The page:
Mayor Mike Duggan of Detroit. Photo courtesy the Federal Communications Commission.
Mayor Mike Duggan of Detroit. Photo courtesy the Federal Communications Commission.

Detroit Mayor Mike Duggan said that the fast and accurate count of this Presidential election is a duty that “weighs on every big city in the country.”

DETROIT, MI—The city of Detroit will be closed for the two days following the Nov. 3 election, so that all city employees can be at the clerk’s disposal to count absentee ballots.

Clerks from Lansing to Taylor have told The ‘Gander that their offices are bracing for a massive influx of absentee voting this year, as concerns about disastrous elections like Wisconsin’s primary spreading the coronavirus meet with record rates of voter turnout. Michigan expects as many as 3 million absentee ballots to be cast in the general election across the state.

That poses challenges for every clerk, but especially clerks in major cities like Detroit. 

“If we do not make a commitment to get the mail-in votes counted quickly and accurately, I really am concerned about: Will we have a claim of victory based on the people at the polls?” Mayor Mike Duggan said at a forum hosted by the Center for American Progress Action Fund. “If we do not across this country find ways to count the mail-in ballots quickly and accurately, there’s going to be a real question of legitimacy with the election. That’s something that weighs on every big city in the country.”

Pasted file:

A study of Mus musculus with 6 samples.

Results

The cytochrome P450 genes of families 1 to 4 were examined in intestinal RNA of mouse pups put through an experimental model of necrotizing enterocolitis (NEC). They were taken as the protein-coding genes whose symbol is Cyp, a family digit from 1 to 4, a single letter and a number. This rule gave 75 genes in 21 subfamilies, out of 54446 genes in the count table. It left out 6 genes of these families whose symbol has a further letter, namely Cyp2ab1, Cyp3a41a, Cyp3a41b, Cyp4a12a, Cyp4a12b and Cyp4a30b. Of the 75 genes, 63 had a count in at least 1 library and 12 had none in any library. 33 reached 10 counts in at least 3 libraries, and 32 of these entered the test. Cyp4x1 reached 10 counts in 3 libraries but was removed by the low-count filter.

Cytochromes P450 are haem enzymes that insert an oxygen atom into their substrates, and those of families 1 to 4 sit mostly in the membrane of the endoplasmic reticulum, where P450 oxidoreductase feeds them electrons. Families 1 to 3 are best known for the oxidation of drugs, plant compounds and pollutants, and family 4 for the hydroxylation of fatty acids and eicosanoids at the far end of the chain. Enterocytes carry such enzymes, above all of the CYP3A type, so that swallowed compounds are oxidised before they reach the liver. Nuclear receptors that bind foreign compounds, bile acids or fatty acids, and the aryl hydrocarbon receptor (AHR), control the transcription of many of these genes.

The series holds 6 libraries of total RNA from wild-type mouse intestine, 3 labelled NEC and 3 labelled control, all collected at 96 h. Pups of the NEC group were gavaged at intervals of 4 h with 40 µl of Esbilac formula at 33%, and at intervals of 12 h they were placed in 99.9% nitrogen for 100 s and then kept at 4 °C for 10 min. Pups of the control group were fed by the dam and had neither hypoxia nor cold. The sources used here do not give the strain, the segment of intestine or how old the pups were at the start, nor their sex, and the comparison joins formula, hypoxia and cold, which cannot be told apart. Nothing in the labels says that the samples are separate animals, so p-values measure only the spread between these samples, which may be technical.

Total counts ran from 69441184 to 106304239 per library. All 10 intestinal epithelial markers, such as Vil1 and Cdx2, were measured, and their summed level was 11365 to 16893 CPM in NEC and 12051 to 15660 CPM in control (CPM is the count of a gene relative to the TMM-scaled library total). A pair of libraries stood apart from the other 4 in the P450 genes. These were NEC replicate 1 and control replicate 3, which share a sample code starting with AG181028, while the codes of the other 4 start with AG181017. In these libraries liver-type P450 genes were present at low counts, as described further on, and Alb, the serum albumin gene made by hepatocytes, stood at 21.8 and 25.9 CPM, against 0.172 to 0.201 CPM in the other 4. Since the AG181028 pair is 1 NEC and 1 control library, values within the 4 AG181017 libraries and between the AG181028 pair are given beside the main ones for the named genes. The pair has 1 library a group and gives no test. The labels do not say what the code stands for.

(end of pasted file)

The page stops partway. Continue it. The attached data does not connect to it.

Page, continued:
Not Repeating Mistakes of Detroit’s Past

Calling the results of an election before the votes were clearly counted in their entirety is the cause of the chaotic 2000 recount in Florida that led to the controversial Bush v. Gore Supreme Court decision. In that election, a series of conflicting calls by journalists over which candidate won Florida resulted in a protracted legal battle over who would become the next president.

Duggan’s concerns about repeating the mess of Florida in 2000 are shared by many election officials in Michigan, including Secretary of State Jocelyn Benson. 

“We should be prepared for this to be closer to an election week as opposed to an election day.”

Secretary of State Jocelyn Benson

“If it takes a few extra days to ensure we have a full and accurate counting as a result of every race, that’s what it’s going to take,” Benson said on Meet the Press. “We’re going to be transparent throughout that whole process to make sure every citizen knows exactly where we are in the counting process and how many more ballots we have to get through.”

Benson is also working with Detroit, specifically, to address issues that arose in the city’s August elections. The city struggled processing the more than 70,000 absentee ballots it received in August and faces a total expected to be twice that in November. City Clerk Janice Winfrey blamed those struggles on a large number of new election workers and record-setting voter turnout. 

In 2016, Detroit faced problems with its voting machines failing, causing ballot discrepancies across over half the city. Then-election director Daniel Baxter told TIME that these kinds of issues happen all the time in Detroit. 


Benson and Winfrey have a few additional tools at their disposal, thanks to a court ruling ensuring any ballot sent before the election should be counted and a provision passed by the state’s Senate to allow clerks to prepare absentee ballots to be counted prior to the beginning of the count itself.